Xi Jinping visit: High on expectations, low on delivery
A Right-wing nationalist government in India and a Communist Party of China that relies on nationalism as a crutch for legitimacy at home were not expected to have it easy at the first formal summit of their leaders. Jabin T Jacob writes.ht view Updated: Sep 22, 2014 13:42 IST
Nobody expected Prime Minister Narendra Modi and Chinese President Xi Jinping to wrap their arms around each other in a bear hug. A rightwing nationalist BJP-led government in India and a Communist Party of China that relies heavily on nationalism as a crutch for continued legitimacy at home were not expected to have it easy at the first formal summit of their leaders, especially on political and strategic issues.
Expectations however, were sky-high on the economic front. Some weeks ago, a figure of $300 billion worth of possible Chinese investments in India's infrastructure sector in the coming five years - 30% of India's declared need - started doing the rounds. A few days before the visit, the figure touted was $100 billion, interpreted at being aimed to put the Japanese commitment of $35 billion in the shade. What transpired finally was $20 billion. This might be a big step down but one must ask how realistic the initial figures were in the first place. Sure, China has the forex reserves but that is not the same as saying they will necessarily find it profitable or worth their while to invest given the difficult regulatory environment surrounding the entry of Chinese people and enterprises into India.
The fact that of the 16 agreements signed between the two countries, the expected agreement on easing of visa procedures for Chinese citizens did not materialise could have a direct link to the low final sums. If Indian policymakers linked such easing with the stapled visa issue, then they might have ended up shooting the Indian economy in the foot. Making Kiren Rijiju from Arunachal Pradesh a minister in the government was statement of intent enough; the status quo on stapled visas could well have continued with little practical impact on ties.
Modi has been on record calling the states for a greater role in the country's economic growth and development. There is also then the question of the capability of the states to absorb and handle the massive investments being talked about. Apart from a few states such as Gujarat, Maharashtra, Andhra Pradesh and Tamil Nadu, very few have the combination of high quality of governance, physical infrastructure, socioeconomic indicators and clarity of economic purpose, including a friendly investment climate, required to attract global capital. It is no wonder then Chinese and Japanese investments remain concentrated in only a few Indian states. This is in marked contrast to China where nearly all provinces have pulled themselves up by the bootstraps to develop with the help of foreign capital and have even used this lever to win a degree of autonomy of action from the central government.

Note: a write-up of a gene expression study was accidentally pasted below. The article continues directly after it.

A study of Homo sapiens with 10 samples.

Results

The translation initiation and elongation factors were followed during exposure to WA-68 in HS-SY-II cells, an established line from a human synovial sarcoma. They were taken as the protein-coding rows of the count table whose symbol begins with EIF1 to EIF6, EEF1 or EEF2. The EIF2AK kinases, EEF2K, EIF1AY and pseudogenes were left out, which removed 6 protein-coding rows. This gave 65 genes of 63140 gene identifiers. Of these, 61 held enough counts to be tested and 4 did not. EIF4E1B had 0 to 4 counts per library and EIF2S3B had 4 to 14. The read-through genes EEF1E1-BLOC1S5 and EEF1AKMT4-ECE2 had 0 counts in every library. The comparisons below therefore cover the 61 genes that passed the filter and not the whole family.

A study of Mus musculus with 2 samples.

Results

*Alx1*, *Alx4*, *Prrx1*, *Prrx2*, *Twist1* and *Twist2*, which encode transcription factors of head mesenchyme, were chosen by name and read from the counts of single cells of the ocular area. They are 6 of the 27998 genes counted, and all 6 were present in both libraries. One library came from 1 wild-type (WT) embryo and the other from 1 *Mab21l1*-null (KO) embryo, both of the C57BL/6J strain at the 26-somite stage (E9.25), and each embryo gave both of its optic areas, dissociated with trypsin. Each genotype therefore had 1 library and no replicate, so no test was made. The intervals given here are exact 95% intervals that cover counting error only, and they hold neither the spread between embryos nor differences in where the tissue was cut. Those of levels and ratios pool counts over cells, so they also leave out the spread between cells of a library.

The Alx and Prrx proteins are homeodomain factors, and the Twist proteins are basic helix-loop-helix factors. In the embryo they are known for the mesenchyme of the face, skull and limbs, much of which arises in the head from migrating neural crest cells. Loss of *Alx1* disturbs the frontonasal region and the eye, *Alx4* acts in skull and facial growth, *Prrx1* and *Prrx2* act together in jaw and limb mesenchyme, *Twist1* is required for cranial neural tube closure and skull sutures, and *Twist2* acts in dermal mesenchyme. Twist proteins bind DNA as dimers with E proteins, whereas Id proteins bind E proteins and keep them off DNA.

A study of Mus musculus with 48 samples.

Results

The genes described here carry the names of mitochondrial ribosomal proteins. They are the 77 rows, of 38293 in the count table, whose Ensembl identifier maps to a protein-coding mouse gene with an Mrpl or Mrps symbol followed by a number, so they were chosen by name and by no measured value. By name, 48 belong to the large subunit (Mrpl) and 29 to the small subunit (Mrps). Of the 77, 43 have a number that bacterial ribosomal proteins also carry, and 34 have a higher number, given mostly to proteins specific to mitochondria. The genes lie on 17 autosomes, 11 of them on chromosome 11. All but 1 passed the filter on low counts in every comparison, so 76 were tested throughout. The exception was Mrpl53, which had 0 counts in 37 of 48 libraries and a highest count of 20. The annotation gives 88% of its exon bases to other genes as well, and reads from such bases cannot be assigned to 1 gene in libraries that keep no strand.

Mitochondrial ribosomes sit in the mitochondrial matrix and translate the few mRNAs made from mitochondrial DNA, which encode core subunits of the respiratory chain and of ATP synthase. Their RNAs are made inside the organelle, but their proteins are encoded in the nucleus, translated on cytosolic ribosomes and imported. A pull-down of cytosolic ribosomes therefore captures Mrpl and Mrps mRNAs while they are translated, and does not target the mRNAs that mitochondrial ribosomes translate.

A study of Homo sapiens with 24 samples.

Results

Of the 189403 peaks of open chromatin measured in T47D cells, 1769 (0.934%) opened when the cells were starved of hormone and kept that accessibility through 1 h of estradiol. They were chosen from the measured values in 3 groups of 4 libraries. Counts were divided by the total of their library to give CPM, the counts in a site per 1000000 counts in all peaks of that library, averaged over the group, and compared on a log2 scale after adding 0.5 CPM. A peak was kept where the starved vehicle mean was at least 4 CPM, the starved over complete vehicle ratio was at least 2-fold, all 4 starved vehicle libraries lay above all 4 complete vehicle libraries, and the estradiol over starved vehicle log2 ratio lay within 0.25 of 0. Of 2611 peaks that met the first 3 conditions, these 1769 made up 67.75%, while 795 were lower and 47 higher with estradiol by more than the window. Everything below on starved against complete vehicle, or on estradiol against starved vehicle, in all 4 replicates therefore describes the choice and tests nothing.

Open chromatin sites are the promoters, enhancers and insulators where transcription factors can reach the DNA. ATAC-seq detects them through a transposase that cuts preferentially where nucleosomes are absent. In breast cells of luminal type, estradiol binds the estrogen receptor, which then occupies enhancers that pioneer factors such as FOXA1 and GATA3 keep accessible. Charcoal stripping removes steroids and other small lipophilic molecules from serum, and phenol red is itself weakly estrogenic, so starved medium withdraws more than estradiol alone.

To return to the boundary dispute, Chinese incursions along the LAC and other forms of provocation on the eve of an important visit to India should not surprise Indians anymore, even if the incursions both at Depsang last year and this time at Depsang again, and at Chumar differ from the usual patterns. Policymakers and strategists cannot expect a static environment to deal with in their line of work. And despite what the media might say or report, there is no doubt that the Indian government and military have been proactive on the LAC, including in the previous UPA regime. But perhaps, Modi erred in taking a rather too assertive line on the dispute and discomfiting his visitor who might have been amenable to offering concessions on other fronts.
Next, the ease of access that Tibetan protestors had to the environs of Hyderabad House certainly did not happen without the knowledge of officials of the Modi government. If the idea was to send a message to the Chinese, then it was a foolish tactic. It might have pleased a certain section of Modi's constituency but it also takes the attention away from more serious moves by the Chinese with respect to Tibet. In his public speech in New Delhi, Xi laid heavy stress on the cultural ties between the India and China including their Buddhist linkages. This should not obscure the fact that China is trying to dominate the global Buddhist discourse by organising religious conferences--often in competition with India--and projects as the Lumbini Park in Nepal. Indian policymakers have hopefully also not missed the overtures that the Dalai Lama has been making to Xi since he came to power and recent rumours in the Chinese blogosphere of the Dalai Lama possibly being invited to Beijing before long. If Xi begins to show a greater degree accommodation on this front, Tibet will soon cease to be a card for India and the world vis-à-vis China. And no one should doubt the capabilities or the flexibility of Xi and the Communist Party on this front.
Finally, another agreement that was missing during the Xi visit was one on information sharing by China on trans-border rivers. Over the last several years, every major visit has usually had an agreement that extended the time frame for such sharing by an incremental 15 days. While the agreements on sister-city and sister-province/state relations are an important trend for the future, it is the many agreements that appear not to have been signed during this visit that should worry those who expected the Xi visit to set the template for the future.
(Jabin T Jacob is assistant director, Institute of Chinese Studies, Delhi. He can be reached at email@example.com)
(The views expressed by the author are personal.)